What determines if an argument is fallacious? Why and how are fallacies used intentionally?
Identify and describe some slippery slope arguments regarding controversial social issues. What issues might we tend to think about in black-and-white terms? Why?
What's a hypothetical syllogism?© BrainMass Inc. brainmass.com October 9, 2019, 6:58 pm ad1c9bdddf
By Bjarke Viskum, phD (ip), University of Stirling
1) A fallacy is a form of argument but importantly a bad argument. It is an argument where the premises do not support the conclusion to the needed degree. Thus, a fallacy not simply a matter of being wrong about certain facts - say for example I believe premise 1: the car is on fire to be true, whereas it is in fact false. Rather, a fallacy is in general a form of error in reasoning. Hence, what determines whether an argument is fallacious or not is whether the premises support the conclusion to the needed degree. If it is a valid inductive argument the premises must make the conclusion make likely. In a valid deductive argument on the other hand it follows that if the premises are true the conclusion must also be true.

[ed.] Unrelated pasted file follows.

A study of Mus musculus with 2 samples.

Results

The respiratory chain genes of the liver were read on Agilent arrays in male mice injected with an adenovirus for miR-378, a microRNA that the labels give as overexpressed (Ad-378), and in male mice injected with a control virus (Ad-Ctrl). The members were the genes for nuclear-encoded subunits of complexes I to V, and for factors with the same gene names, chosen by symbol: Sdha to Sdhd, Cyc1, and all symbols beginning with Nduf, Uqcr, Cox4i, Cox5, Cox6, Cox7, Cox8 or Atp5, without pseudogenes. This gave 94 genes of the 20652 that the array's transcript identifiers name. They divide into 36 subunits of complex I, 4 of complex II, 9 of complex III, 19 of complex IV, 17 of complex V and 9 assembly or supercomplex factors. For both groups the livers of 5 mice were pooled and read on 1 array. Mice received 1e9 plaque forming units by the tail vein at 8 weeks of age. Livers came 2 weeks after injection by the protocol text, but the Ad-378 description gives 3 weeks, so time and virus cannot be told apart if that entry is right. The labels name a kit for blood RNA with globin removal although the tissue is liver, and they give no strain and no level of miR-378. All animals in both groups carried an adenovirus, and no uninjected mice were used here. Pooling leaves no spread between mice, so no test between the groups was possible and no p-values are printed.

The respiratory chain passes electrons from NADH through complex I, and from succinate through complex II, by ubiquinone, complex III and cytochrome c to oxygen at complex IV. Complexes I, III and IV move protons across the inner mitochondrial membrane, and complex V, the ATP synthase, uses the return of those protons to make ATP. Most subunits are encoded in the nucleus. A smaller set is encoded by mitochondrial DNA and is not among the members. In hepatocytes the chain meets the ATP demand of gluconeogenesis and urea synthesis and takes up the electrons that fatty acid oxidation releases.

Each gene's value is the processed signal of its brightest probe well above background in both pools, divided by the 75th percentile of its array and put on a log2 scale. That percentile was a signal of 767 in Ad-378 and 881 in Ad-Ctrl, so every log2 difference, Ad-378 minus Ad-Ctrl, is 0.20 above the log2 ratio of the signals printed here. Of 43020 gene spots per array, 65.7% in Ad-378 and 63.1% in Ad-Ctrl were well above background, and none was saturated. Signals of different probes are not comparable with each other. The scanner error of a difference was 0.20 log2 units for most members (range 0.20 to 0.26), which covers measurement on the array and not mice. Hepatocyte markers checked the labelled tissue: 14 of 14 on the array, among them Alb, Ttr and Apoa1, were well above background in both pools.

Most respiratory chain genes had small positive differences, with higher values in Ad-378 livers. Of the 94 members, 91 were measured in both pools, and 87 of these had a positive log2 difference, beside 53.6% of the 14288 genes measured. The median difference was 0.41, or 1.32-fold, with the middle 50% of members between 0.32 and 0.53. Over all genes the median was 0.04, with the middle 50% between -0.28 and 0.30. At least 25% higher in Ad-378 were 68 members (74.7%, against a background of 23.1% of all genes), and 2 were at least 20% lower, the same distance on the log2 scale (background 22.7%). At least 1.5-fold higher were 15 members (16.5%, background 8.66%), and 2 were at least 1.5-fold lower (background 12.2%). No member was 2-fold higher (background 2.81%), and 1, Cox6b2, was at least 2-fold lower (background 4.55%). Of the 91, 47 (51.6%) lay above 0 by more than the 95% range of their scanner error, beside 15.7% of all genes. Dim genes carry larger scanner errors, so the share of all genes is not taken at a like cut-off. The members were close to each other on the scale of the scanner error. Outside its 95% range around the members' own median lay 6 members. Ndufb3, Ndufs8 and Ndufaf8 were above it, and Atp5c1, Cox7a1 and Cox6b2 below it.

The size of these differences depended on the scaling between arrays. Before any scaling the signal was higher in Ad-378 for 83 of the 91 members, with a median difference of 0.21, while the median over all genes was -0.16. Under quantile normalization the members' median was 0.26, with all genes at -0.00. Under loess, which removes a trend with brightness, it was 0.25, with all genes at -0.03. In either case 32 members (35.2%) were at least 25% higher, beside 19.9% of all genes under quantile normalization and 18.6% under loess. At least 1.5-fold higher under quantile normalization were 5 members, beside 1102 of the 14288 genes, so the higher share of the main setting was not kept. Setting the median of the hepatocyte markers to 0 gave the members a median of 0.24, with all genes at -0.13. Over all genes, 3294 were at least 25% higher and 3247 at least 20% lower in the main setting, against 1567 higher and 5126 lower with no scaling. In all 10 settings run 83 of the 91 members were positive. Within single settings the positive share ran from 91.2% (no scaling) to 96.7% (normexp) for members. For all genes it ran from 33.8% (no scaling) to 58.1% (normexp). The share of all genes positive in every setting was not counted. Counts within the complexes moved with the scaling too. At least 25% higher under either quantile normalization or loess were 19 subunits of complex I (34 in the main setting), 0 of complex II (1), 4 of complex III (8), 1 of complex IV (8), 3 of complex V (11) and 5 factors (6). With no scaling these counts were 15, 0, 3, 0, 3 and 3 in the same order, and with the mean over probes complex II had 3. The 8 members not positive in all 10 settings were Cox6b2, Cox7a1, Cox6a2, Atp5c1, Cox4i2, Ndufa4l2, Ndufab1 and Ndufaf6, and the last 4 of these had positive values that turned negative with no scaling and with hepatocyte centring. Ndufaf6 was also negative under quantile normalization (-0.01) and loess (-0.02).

2) There are numerous forms of fallacies, from the blatantly obvious to the very sophisticated. The most common form of fallacy is probably the so-called ad hominem argument. An example of the ad hominem argument could be the following: A right-wing politician says that he doesn't believe in 'global warming' and that we should rather rely on ...
The expert determines if an argument is fallacious.